By Marc Resnick
The new twist in Mass Lt Gov Murray’s car crash is very relevant to forensic investigations of all kinds, especially in human factors.
For those of you unfamiliar with the story, here is a basic recap. He was driving down the highway late at night and crashed into a tree. He claimed that he was going about the speed limit and the car slipped on some black ice. He had no problem releasing the black box recorder (like the ones in planes) that was in his government owned car. When the data was analyzed, they found he had accelerated to 100 mph just before hitting the tree. They concluded that he must have fallen asleep at the wheel.
From a human factors point of view, this makes sense. If you are nodding off and don’t realize it, then suddenly wake up as the car hits the grass, it would seem like you had slipped on ice. It is also possible that slumping forward would cause your weight to push harder on the pedal and accelerate. So his story made sense. There were no alcohol or drugs in his system and the forensic science fit the story.
The Lt Gov was convinced and admitted the possibility that he could have fallen asleep, although he didn’t remember it. The media was convinced too. Case closed.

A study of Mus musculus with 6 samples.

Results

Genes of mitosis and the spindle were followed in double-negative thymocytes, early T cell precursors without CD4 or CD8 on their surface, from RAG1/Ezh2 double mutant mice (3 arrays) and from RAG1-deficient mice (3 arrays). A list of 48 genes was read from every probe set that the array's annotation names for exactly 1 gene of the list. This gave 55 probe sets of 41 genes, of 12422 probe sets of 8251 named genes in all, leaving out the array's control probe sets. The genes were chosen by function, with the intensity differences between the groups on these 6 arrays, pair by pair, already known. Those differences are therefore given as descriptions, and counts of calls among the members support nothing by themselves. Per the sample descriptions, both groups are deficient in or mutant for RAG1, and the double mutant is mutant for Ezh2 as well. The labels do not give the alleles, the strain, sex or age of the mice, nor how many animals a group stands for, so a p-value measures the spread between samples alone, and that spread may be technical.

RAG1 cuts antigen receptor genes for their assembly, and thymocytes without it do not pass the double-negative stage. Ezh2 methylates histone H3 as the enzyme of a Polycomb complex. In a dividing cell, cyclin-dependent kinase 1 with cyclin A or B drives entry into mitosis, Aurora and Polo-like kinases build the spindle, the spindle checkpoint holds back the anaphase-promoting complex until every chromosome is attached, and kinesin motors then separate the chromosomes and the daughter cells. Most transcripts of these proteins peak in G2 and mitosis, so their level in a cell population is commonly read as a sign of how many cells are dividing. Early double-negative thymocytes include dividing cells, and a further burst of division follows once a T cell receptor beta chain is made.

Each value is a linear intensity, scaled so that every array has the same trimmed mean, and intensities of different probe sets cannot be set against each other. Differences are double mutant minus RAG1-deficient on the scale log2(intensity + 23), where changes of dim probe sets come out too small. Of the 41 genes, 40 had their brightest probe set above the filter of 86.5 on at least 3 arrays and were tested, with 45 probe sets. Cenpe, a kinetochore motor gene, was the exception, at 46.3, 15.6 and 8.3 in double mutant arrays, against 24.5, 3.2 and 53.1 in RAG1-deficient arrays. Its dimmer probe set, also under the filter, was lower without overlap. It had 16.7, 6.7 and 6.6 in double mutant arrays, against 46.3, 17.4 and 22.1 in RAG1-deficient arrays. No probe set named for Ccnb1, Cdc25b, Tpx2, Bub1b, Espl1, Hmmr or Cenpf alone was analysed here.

Then today, they reported a new analysis on the black box data suggesting he really did slip on ice. He was going 75 (not the speed limit) just prior to the acceleration. He acknowledges that is possible. So now the case is not closed but confused.
All science makes conclusions based on less than 100% certainty. The standard can be 95% for many things, or 99.999% if its life threatening or mission critical. But nothing is ever 100%. So it is not surprising that this new conclusion could arise from a more detailed analysis of the data.
But people outside of science are led to believe (by the media and our high school science books) that science is always 100% sure of everything. The media was sure he had fallen asleep at the wheel. The driver was convinced by the black box analysis, even though he didn’t remember falling asleep. The public bought it too. 100%.
In one sense, it is good that the public thinks in absolutes. When scientists generally accept a theory at the appropriate level of confidence, it is better to design public policy as if it was 100%. When the public thinks there is uncertainty in the science, even .01%, they can engage our remarkable ability at willful blindness to clutch onto a more comforting conclusion (my religion hasn’t been lying all these years, there is no such thing as evolution). It is actually better that the media usually report science as if it were 100%. Imagine if we weren’t totally convinced about gravity. Or if we still believed in the chance the earth was flat.
But when a theory turns out to be wrong, all of science immediately becomes suspect in the public’s mind. Wait – you have been lying to us all these years? Anti-depressants don’t work any better than a placebo? Mammograms are not beneficial to 40-something women with no family history of breast cancer? So I guess I don’t have to give up my Hummer because global warming could be false too. Maybe smoking doesn’t increase the risk of lung cancer.